As a former teacher, it was impossible to not compare my own childhood and education to that of my students’. The same can be said as a parent–namely, “Will my kid get as good an education as I did?” And of course, there’s always the underlying thought, “Please, God in heaven, please don’t let me screw this up!”
Yeah, parenting is no joke, and as many parenting magazines and books as there are out there, it still remains an absolute mystery. Now, one parenting expert believes he may know the answer: the parental mission statement.
Last month in his syndicated column, John Rosemund, a family psychologist, author and speaker, said, “Without a mission statement, [parents] are likely to zig and zag all over the playing field, wasting lots of energy and time on things that are ultimately unimportant if not counterproductive.”
Wait a minute! You mean to say, Dr. Rosemund, that some parents today are just winging it, not really having a clue as to what they ultimately want to accomplish beyond the basic “keep them alive”?
Rosemund further explains, “They are parenting by their bootstraps, taking it a day at a time. That’s no way to run a business, and it’s no way to raise a child either.” You don’t say.
While I hate to compare rearing my twin girls to running a major company (both are equally exhausting and rewarding, I suppose), there are days when I feel as if I–we–are just surviving. There’s a lot of fun in the midst of the chaos, but those real, teachable moments just seem to slip to the surface, certainly not planned. This leaves me feeling worthless as a mother.
Ah, but Rosemund addresses that too, saying, “The zigging and zagging produces lots of stress. I think it’s safe to say that today’s parents, especially moms, are one stressed-out bunch.” Shine a spotlight on me, why don’t you, doc?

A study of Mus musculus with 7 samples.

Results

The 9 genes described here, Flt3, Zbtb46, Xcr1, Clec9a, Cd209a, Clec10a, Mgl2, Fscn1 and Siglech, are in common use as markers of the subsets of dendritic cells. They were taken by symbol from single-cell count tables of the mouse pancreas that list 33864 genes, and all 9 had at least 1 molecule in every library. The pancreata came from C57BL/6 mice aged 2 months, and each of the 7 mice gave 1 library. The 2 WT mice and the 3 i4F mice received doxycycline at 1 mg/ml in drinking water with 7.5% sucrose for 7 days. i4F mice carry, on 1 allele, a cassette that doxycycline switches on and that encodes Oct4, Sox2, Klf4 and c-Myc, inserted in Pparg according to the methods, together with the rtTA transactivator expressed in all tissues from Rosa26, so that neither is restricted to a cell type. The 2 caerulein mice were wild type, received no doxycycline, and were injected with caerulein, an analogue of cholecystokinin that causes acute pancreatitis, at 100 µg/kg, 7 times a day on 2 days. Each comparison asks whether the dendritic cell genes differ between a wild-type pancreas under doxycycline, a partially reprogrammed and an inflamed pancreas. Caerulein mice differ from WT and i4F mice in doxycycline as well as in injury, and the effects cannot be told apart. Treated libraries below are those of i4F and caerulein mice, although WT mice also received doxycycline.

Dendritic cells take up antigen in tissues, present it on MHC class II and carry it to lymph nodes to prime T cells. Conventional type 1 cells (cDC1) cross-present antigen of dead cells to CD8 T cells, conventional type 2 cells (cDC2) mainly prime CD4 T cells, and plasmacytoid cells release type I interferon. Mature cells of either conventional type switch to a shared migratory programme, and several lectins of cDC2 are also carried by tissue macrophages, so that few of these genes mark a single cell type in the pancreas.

The good news, though, is that maybe parenting doesn’t have to feel this way. Rosemund believes our great-grandparents weren’t flying by the seats of their pants and stressed out like we are today. He says, “They approached child-rearing in a calm, casual, straightforward fashion.”
So, according to Rosemund, we are engaged in a long-term project–roughly 18 years or so in the initial stages–called parenting. And while we might hope to raise a “happy and healthy child,” he recommends we consider the bigger picture–just like Great Grandma did. He says, “Back then, parents felt their obligation was to their neighbors and ultimately to their culture.” They wanted to raise responsible citizens.
For me, I believe there’s got to be a balance. While yes, parents today can coddle (ahem) and hover over their children, creating little narcissistic beings, I do want to have more of a connection to my girls than prior generations did with theirs. I want to raise them to be responsible citizens and find out what they were created to be and do.
Now to write a mission statement for that.